How Much Longer Does Flu Season Last? The End Of The 2018 Influenza Spell Is Near
I got this year's dreaded flu and I can report that it was every bit as bad as it was made out to be (and that was with a flu shot). I didn't leave the house for five days. All I could do was lay in the dark listening to podcasts because even watching tv was too exhausting. Yeah, it was that bad. So if you've managed to avoid this year's flu outbreak, consider yourself #blessed. But are you out of the woods? If you're wondering, How much longer does flu season last, you'll be relieved to hear the end is nigh.
Officials from the Centers for Disease Control (CDC) confirmed that the flu peaked in early February, according to Time. But while the prevalence of the flu may be on the downward swing, we're still not totally in the clear.
“Even though it looks like flu activity is decreasing in some parts of the country, there’s still a lot of it out there,” said CDC spokeswoman Kristen Nordlund in an interview with Time. “We’re not out of the woods yet. It’s likely that we’ll probably see flu activity through the middle of April.”
The good news is, it's almost April and that means you only have a few weeks to go before you can say you survived flu season.
Back in mid-January, Dr. Paul Biddinger, director of the Center for Disaster Medicine and vice-chairman for emergency preparedness at Massachusetts General Hospital in Boston, told New York Magazine that we could expect at least 6-8 more weeks of flu season. According to my calculations, 8 weeks have passed, and so the optimist in me says the flu will soon be in our rear view mirror.
But let me add a word of caution: I came down with the flu shortly after I had heard flu season had peaked. I'm convinced that it was exactly when I let down my guard that the flu, sensing weakness, sunk its fangs in. So continue to be vigilant — I'm talking 'borderline OCD' vigilant.
That means washing your hands a lot. Do you know how to truly, effectively wash them? I know that may sound like a ridiculous question but it turns out even some doctors aren't doing it right, according to Medical Daily. A 2016 study looked at healthcare workers using the 6-step hand washing process recommended by the World Health Organization (WHO), compared to the 3-step one then recommended by the CDC, according to Science Daily.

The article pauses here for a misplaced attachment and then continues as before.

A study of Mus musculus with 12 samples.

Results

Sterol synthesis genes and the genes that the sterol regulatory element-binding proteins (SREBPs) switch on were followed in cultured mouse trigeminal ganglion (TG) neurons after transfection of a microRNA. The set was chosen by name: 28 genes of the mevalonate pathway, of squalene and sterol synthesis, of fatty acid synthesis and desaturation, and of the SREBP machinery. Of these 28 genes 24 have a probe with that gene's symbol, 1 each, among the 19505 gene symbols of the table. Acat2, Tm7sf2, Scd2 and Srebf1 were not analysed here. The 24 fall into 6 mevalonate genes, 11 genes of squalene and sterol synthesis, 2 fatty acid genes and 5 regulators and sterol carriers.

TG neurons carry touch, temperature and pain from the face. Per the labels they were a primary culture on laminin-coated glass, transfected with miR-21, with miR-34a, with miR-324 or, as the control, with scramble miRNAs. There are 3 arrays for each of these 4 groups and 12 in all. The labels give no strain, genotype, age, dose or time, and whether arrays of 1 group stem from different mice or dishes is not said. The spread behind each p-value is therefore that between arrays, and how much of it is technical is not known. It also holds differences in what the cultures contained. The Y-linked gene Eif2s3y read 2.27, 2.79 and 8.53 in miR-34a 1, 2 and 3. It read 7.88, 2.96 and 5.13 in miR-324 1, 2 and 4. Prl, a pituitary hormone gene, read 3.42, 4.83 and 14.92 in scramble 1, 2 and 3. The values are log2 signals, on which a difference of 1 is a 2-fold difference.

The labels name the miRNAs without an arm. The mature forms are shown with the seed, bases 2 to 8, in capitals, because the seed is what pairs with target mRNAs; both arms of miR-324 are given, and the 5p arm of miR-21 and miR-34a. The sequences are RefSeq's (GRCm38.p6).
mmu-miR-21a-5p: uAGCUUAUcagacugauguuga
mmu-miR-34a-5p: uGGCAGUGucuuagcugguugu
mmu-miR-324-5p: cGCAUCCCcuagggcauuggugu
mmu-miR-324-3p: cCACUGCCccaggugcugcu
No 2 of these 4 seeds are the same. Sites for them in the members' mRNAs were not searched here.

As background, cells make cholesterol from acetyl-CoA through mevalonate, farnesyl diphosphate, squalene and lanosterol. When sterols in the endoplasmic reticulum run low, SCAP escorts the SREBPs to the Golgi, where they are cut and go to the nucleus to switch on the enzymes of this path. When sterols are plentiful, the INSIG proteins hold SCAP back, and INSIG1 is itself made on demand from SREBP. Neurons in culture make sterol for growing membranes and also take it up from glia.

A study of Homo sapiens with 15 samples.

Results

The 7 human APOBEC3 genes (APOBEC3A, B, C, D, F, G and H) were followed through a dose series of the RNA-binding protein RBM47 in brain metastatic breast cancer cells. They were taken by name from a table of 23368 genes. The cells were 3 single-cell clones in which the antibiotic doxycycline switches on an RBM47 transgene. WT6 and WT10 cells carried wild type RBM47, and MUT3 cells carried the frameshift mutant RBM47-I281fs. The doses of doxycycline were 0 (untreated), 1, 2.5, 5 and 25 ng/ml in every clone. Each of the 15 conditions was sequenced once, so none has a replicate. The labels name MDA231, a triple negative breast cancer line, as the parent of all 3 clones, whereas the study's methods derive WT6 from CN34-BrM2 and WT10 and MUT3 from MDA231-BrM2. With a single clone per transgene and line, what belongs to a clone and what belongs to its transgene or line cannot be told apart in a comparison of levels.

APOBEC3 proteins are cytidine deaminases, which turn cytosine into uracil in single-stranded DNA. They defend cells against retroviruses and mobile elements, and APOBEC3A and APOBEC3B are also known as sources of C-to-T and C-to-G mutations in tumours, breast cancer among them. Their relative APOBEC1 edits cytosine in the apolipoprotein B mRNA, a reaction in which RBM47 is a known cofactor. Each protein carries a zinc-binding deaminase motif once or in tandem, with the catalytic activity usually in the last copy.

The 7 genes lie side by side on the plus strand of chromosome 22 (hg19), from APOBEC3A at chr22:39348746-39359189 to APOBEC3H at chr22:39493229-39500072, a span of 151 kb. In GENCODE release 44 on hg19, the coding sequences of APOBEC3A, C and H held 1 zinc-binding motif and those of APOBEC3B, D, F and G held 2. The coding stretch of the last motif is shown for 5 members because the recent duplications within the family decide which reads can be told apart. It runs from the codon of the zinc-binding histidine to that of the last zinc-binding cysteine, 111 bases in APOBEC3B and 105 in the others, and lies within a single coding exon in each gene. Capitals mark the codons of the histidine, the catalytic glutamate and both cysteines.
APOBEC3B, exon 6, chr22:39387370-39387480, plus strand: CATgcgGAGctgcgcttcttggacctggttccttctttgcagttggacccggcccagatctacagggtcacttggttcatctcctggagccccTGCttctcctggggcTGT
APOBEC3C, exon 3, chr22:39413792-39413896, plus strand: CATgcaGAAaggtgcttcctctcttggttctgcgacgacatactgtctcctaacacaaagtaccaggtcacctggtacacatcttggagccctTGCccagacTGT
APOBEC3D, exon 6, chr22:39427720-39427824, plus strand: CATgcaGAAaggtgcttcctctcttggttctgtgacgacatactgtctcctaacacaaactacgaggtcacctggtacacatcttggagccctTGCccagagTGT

"Ultimately, the researchers said that even though the six-step technique to reduce bacteria was nearly four times better than the more commonly practiced one, it still took an average of 42.5 seconds longer" reported Medical Daily in the same article mentioned above.
So while the WHO's 6-step hand washing technique is an upfront time-commitment — the organization recommends allowing about 1 minute — in the end it is well worth the effort.
Particularly for parents of infants too young to get the flu shot, taking the time to follow the WHO's 6-step washing process seems like an absolute must — both to protect your baby's health AND your sanity.
As a mom of two toddlers, I barely have time to go to the bathroom, let alone wash my hands for a full minute — but I will start making time from here on out. This year's flu taught me you can't be cavalier in the hand washing department!
So while flu season is on its last leg, it's still understandable to want more assurance that everything is going to be alright. If you want to know how the flu activity is looking in you state, the CDC has an interactive map you can check out here.